Positive Self-Talk Worksheet: Teach Your Students Coping Skills

Diverse group of high school students smiling with each other.

Words matter. And the words that matter most are the ones you say to yourself.

– David Taylor-Klaus

ACTIVITY: Practicing Positive Self Talk

  • Use the following prompt (or something similar) when introducing the activity to your class, or group of students:
    • Today we are going to practice using positive thinking skills. Who knows what self-talk means?
      • Allow time for students to answer
    • (Explanation if/as needed): Self-talk means: Talking to yourself either aloud or silently. Think of it as a little voice inside your head. Sometimes you think good thoughts, and sometimes you think bad thoughts. These thoughts can make us feel upset, or they may make us feel better. For example, if you found out you weren’t invited to a friend’s birthday party how would that make you feel?
      • Allow time for students to answer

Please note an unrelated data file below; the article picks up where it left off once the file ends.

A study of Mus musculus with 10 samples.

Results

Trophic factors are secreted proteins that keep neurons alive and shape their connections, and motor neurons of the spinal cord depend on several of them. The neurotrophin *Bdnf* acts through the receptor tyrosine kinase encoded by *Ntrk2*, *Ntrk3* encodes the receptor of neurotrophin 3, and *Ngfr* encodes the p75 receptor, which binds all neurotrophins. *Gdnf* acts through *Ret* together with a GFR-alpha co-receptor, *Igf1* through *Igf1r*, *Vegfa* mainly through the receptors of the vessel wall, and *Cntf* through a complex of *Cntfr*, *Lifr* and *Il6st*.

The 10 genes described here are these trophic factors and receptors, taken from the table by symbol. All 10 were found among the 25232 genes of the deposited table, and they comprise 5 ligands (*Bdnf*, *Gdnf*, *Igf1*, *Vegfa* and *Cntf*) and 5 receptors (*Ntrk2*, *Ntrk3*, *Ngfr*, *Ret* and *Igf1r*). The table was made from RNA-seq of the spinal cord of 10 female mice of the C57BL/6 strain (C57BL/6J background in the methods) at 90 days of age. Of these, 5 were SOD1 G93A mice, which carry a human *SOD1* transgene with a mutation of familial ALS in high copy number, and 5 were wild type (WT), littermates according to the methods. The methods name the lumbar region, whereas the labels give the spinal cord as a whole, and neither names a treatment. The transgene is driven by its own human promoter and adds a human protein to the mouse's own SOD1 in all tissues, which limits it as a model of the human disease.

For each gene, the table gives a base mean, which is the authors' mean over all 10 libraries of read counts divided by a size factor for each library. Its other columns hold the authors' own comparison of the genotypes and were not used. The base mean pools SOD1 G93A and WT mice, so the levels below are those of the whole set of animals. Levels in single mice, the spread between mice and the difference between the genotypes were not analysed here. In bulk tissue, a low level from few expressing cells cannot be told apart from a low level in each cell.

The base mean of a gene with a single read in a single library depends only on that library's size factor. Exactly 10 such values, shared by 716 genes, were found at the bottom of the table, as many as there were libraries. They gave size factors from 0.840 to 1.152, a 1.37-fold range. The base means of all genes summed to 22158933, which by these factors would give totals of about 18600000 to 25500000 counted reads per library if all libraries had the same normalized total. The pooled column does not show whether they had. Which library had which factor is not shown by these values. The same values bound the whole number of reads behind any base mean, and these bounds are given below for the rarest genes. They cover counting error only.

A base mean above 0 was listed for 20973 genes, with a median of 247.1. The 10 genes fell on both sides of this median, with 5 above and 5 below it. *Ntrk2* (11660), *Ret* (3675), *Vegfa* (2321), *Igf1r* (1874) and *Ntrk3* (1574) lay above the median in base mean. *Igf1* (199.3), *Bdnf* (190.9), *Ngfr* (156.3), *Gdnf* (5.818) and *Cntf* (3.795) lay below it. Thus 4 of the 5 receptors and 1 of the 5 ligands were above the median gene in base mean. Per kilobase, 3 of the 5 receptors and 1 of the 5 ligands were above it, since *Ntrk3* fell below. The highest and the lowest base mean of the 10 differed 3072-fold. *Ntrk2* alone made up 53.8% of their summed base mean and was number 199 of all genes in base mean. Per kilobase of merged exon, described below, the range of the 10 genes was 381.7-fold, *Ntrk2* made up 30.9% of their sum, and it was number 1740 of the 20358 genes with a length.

• We have the power to help ourselves feel better by using positive self-talk. For example, you could say to yourself, ‘It’s okay. I know I’m a great friend, and I’ll get invited to other parties.’
  • Hand out the worksheet and explain to your students:
    • On this positive self-talk worksheet, you’ll see a list of phrases on one side, and on the other side are different feelings. Take your time to read each of those feelings and draw a line to the positive phrase you can tell yourself. Everyone may do this a little differently, and that’s okay. Let’s do one together: ‘When I feel nervous’….I can say to myself….’I can get through anything.’
  • This lesson can be extended by layering on other questions such as:
    • What can you learn from that situation?
    • What can you do differently next time?
    • What can you tell yourself to help yourself feel better?